A summary of an unusual Donne poem by Dr Oliver Tearle
‘Song’, often known by its first line, ‘Go and catch a falling star’, is an unusual poem among John Donne’s work in several ways. It doesn’t use the extended metaphors that we find in some of Donne’s greatest poetry, and yet it remains one of his most popular and widely known works. As the short analysis of ‘Song’ below endeavours to show, ‘Go and catch a falling star’ is, nevertheless, in keeping with Donne’s beliefs and poetic style in many respects.
Go and catch a falling star,
Get with child a mandrake root,
Tell me where all past years are,
Or who cleft the devil’s foot,
Teach me to hear mermaids singing,
Or to keep off envy’s stinging,
Serves to advance an honest mind.
If thou be’st born to strange sights,
Things invisible to see,
Ride ten thousand days and nights,
Till age snow white hairs on thee,
Thou, when thou return’st, wilt tell me,
All strange wonders that befell thee,
Lives a woman true, and fair.
If thou find’st one, let me know,
Such a pilgrimage were sweet;
Yet do not, I would not go,
Though at next door we might meet;
Though she were true, when you met her,
And last, till you write your letter,
False, ere I come, to two, or three.
Although the poem is songlike – as its title suggests – and its tone is light and frivolous, ‘Go and catch a falling star’ seems to endorse the misogynistic belief that all women (or all beautiful women, anyway – just to make it worse) are unfaithful and shouldn’t be trusted. Yet the way Donne builds to this conclusion is beguiling. In summary, he advises the reader (or, as this is a song, the listener) to perform a series of impossible tasks: catch a ‘falling star’ or meteor in the sky, impregnate a mandrake root, find the past and return it to the present, or discover why the devil has cloven feet.
Similarly, the listener is commanded to hear mermaids singing (possibly a reference to the sirens of Greek mythology, who were actually half-bird; it was impossible, unless you were Odysseus, to hear the sirens’ song and survive). Other impossible commands include finding a cure for the ‘sting’ of envy, and what wind exists that can help an honest mind to get on in life.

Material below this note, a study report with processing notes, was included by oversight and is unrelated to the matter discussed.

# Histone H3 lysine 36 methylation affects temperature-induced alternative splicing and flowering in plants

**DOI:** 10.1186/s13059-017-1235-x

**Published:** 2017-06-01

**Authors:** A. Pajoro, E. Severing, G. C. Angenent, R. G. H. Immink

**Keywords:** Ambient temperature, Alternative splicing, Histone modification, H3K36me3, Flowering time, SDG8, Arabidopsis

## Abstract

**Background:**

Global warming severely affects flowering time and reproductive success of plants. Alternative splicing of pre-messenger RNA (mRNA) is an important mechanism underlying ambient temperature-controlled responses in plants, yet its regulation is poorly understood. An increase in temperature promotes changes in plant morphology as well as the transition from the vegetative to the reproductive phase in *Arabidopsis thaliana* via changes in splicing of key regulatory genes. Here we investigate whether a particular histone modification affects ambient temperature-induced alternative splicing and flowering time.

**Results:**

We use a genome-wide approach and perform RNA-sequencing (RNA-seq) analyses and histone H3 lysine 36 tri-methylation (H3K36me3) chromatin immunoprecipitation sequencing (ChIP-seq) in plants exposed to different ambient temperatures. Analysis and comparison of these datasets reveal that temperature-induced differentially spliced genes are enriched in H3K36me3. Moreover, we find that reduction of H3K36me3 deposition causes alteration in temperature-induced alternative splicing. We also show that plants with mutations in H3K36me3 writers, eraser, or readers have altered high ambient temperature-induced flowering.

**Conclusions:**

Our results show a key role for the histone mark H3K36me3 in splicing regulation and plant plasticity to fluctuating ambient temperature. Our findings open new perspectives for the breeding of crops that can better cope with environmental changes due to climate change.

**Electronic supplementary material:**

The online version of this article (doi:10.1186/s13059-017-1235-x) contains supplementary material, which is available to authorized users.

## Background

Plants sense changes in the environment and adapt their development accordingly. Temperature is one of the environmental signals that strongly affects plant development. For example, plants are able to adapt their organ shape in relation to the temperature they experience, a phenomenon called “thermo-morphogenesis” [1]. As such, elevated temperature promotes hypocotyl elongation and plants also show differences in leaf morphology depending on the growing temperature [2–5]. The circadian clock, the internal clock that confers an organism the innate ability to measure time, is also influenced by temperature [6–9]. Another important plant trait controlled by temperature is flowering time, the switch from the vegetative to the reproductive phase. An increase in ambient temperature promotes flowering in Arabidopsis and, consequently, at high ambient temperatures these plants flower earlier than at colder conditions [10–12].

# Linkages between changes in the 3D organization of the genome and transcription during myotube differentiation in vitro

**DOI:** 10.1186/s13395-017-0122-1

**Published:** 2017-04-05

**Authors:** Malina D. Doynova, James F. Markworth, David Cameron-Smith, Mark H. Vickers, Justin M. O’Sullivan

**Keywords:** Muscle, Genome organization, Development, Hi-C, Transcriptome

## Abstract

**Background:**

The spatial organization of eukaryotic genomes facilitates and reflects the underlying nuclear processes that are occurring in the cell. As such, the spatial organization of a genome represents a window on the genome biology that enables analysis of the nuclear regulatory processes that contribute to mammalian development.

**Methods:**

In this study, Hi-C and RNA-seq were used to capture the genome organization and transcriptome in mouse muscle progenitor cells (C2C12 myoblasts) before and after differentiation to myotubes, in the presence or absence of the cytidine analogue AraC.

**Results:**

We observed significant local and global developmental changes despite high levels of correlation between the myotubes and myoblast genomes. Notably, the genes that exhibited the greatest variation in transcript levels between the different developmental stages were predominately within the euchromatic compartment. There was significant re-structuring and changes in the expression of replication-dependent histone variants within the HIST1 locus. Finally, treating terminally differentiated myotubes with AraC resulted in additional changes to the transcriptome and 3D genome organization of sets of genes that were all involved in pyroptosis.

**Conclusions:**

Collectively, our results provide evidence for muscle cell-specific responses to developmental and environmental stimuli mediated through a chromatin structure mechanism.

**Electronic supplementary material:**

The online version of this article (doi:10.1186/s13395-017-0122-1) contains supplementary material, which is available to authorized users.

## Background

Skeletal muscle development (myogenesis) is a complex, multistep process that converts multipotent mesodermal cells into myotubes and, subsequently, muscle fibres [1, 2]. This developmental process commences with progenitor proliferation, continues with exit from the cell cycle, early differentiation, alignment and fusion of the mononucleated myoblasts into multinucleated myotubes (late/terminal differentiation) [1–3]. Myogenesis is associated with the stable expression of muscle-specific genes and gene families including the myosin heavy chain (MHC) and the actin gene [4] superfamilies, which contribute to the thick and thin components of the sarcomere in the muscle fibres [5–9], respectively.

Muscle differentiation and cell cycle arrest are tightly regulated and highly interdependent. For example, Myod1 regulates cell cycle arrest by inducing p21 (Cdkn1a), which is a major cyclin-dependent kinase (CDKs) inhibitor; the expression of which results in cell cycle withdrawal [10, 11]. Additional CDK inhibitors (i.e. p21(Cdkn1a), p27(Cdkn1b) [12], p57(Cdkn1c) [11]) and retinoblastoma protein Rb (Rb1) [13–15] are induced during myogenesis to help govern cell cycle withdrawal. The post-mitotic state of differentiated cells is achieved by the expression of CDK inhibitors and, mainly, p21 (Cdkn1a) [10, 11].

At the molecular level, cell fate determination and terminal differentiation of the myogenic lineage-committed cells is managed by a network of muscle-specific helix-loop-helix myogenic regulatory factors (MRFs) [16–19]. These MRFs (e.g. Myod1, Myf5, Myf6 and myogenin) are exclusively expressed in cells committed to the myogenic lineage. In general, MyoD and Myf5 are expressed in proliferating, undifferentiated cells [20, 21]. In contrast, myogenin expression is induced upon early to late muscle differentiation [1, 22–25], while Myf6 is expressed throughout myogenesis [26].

In the second stanza, the impossibilities continue: Donne’s speaker says that if you seek strange sights – things which are invisible, even – then ride for ten thousand days till you’re old and your hair is white (‘ten thousand days and nights’ is just over 27 years, if you’re wondering), and when you return, you’ll be able to tell Donne’s speaker about all the strange things you saw, and also, you’ll be prepared to swear that truly faithful and beautiful women do not exist. (In other words, if women are ‘fair’ or attractive, they will not be true to you.)
The final stanza might be summarised as follows: ‘If you do manage to find a woman who is both faithful and beautiful, let me know – a journey to find such a woman would be worth it. But having said that, even if she were next door and you wrote to tell me to come and see her, before I’d managed to make the journey to meet her, she would have been unfaithful to several men.’
Can we still enjoy a poem that seems to be so down on half the human race? (Or the beautiful section of that half, leastways: poor unattractive women can apparently be trusted to remain true, presumably because Donne’s speaker thinks no one else would want them.) This aspect of Donne’s poem – and the problem is not confined to ‘Go and catch a falling star’ – has exercised critics for a while now.
Christopher Ricks, in his Essays in Appreciation, has a good essay on what Ricks sees as the unhealthy endings to many of Donne’s poems: they seem to become uncharitable as they reach conclusion. But Ricks’s issue with this poem in particular is not its misogyny (which loses its power to offend by being such a worn-out complaint) but the fact that the poem’s ending seems false to itself: it goes against what the rest of the poem promises. William Empson, who was heavily influenced by Donne and wrote extensively on his poetry, said of ‘Go and catch a falling star’ that ‘the song had aimed at being gay and flippant but turned out rather heavy and cross’.
Conversely, for another great Donne critic, John Carey, ‘Go and catch a falling star’ is more about self-improvement than women: the earlier sections of the poem, enjoining the listener to go out into the world and make discoveries and see strange sights, is the real core of the poem’s meaning, in Carey’s analysis.
Certainly such a reading connects to Donne’s preoccupation with space travel and exploration (something Empson, in his essay ‘Donne the Space-man’, explored; the idea of discovery and exploration is also there in ‘To His Mistress Going to Bed’, with its reference to the woman’s body as ‘my America! my new-found-land’). How should we view the poem? Or does it derive its vital energy from offering both the exploration motif and the complaint about women in one poem? Can we overlook the negative twist at the end? That may depend on our view of Donne’s other poems.
The best affordable edition of Donne’s poetry is John Donne – The Major Works (Oxford World’s Classics). It comes with very useful annotations and an informative introduction. Continue to explore Donne’s poetry with our analysis of his poem ‘The Canonization’, our discussion of his ‘A Valediction: Forbidding Mourning’, and our summary of his classic seduction poem, ‘The Flea’. If you’re studying poetry, we recommend checking out these five books for the student of poetry. We’ve offered more tips for the close reading of poetry here.
The author of this article, Dr Oliver Tearle, is a literary critic and lecturer in English at Loughborough University. He is the author of, among others, The Secret Library: A Book-Lovers’ Journey Through Curiosities of History and The Great War, The Waste Land and the Modernist Long Poem.